I have found that there are two aspects to our language arts programme
- Teaching basic skills of reading, writing, viewing, listening and speaking
- Using those skills and developing them further
I use a variety of resources to teach these basic skills – especially reading and writing, and then I have used Charlotte Mason’s methods of narrations and copywork extensively until my children are comfortable readers and writers. Once they are reading and writing independently I start increasing their skills – or fine tuning them.
There are two ways we can fine tune and develop language art skills
- We can do formal lessons
- We can integrate language arts skills into every area of learning (and this is my preference)
I have found with my children that when I labour on the lessons they actually lose interest and consequently lose skill as well. Alternatively, when I get them using their skills they see the relevancy in what I’m teaching and they get on board and therefore learn better. So I try to keep lessons to a minimum but always have ways to be using language arts skills.
The key to using life and other subject matter such as science, history and Bible study to cover language arts is to understand yourself what needs to be taught. This can be overwhelming which is why we grasp curriculum. I have found that if I keep myself informed as to what the different aspects are then I can keep fresh language arts ideas in front of my children during our regular learning times.
The main tool I have used is “The Write Source” handbooks. I have a different manual for each level. The children know which book is at their level and they can use it as a reference for their learning. Much like we have an atlas on hand for when we want to check up on geography or a dictionary when we want to check the spelling of a word, we use this manual when we want to learn about a different aspect of reading, writing or thinking. Josh and Jess used to take these books to bed as their night time reading – they are very engaging books.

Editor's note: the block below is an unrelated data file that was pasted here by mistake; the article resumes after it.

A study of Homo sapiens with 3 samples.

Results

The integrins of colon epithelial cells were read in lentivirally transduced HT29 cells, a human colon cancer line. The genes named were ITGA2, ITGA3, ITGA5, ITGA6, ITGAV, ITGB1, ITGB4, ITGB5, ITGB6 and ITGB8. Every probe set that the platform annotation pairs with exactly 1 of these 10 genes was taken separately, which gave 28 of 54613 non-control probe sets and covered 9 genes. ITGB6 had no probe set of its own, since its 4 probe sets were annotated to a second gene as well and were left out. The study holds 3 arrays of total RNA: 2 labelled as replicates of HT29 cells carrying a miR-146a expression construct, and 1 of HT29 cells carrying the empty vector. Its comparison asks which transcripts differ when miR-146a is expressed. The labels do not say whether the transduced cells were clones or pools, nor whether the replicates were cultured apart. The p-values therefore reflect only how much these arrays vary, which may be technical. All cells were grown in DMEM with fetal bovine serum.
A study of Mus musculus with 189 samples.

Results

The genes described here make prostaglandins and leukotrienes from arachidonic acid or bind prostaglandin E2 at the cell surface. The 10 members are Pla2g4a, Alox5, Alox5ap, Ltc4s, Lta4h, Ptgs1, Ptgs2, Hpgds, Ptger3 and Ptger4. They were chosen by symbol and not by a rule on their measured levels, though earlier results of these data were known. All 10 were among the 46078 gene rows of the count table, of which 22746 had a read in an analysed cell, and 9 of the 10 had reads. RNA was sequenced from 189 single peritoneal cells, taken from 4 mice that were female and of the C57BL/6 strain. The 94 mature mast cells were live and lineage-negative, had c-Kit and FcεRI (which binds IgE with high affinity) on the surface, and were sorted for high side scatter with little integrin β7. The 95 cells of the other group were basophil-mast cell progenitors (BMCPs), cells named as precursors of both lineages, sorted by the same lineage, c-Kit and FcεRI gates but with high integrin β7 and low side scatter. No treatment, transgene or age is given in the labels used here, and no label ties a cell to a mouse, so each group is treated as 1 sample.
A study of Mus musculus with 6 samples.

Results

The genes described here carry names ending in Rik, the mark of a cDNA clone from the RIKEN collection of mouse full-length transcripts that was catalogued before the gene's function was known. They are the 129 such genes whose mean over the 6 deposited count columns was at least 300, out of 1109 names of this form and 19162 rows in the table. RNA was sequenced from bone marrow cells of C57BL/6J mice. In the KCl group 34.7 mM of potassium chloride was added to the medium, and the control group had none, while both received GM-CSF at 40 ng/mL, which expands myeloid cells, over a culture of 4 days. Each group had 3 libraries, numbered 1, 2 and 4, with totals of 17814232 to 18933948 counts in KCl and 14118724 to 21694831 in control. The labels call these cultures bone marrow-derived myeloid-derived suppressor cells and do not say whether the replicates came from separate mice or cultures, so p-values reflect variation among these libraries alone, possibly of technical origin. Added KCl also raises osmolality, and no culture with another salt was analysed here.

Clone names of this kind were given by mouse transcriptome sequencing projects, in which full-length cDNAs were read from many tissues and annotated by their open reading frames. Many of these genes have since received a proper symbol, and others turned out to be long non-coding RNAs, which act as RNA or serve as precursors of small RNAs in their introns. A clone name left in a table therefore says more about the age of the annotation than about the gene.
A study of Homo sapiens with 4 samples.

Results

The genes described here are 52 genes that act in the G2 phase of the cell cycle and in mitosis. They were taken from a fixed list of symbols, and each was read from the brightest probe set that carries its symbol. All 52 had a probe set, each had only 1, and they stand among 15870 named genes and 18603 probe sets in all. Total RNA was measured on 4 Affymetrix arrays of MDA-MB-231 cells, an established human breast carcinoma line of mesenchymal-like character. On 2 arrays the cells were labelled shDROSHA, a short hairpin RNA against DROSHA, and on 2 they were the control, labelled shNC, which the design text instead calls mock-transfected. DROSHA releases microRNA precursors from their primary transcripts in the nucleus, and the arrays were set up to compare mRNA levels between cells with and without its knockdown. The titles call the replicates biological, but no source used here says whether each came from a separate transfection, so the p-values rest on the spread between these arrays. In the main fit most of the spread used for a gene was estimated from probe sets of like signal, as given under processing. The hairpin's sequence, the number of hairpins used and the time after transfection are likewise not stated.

Though I may flip through these books to find a random skill to encourage my child in, I generally use them as a spine, or study guide to find specific lessons I want to teach and see improved in a child’s writing, reading or thinking.
Our current focuses are:
- For Daniel we are focusing on spelling. We will read the section on “Becoming a Better Speller” which gives 5 tips (though we will ditch one of them as I believe it will confuse Daniel) Those tips are – Make a spelling dictionary, use your senses, proof read for spelling and learn some basic spelling rules (they give 4 basic spelling rules). All of this is written in language that Daniel can read, understand and connect with.
- Naomi’s focus is writing a report (we call it notebooking) I want her to learn to collect information from more than one source, to answer her own questions on a topic and to present me with a written report of her findings. The manual will help her brainstorm her topic, summarise information she finds, and write her report. She also needs to list her sources, and the manual tells her how.
- As a family we want to learn how to write a journal. Often when I want to teach something that all age groups can learn from I open all the different manuals and glean from each or I give a manual to each child for them to read themselves, and then we come back and discuss the idea. In this case “Writers Express” has the best information and I’ll present that to the kids, we’ll talk about journal writing in our family context and we’ll practice over the next few weeks.
Reading, writing, viewing, listening and speaking are key in our communication and relationships with other people. It is a life skill and if we can approach it as such, instead of a school subject, then we can find ways to teach it differently than schools do. I have found that as I approach language arts – or reading, writing and thinking as a normal aspect of our family life – instead of a dreaded school subject – we are able to learn and grow in these skills without a lot of stress.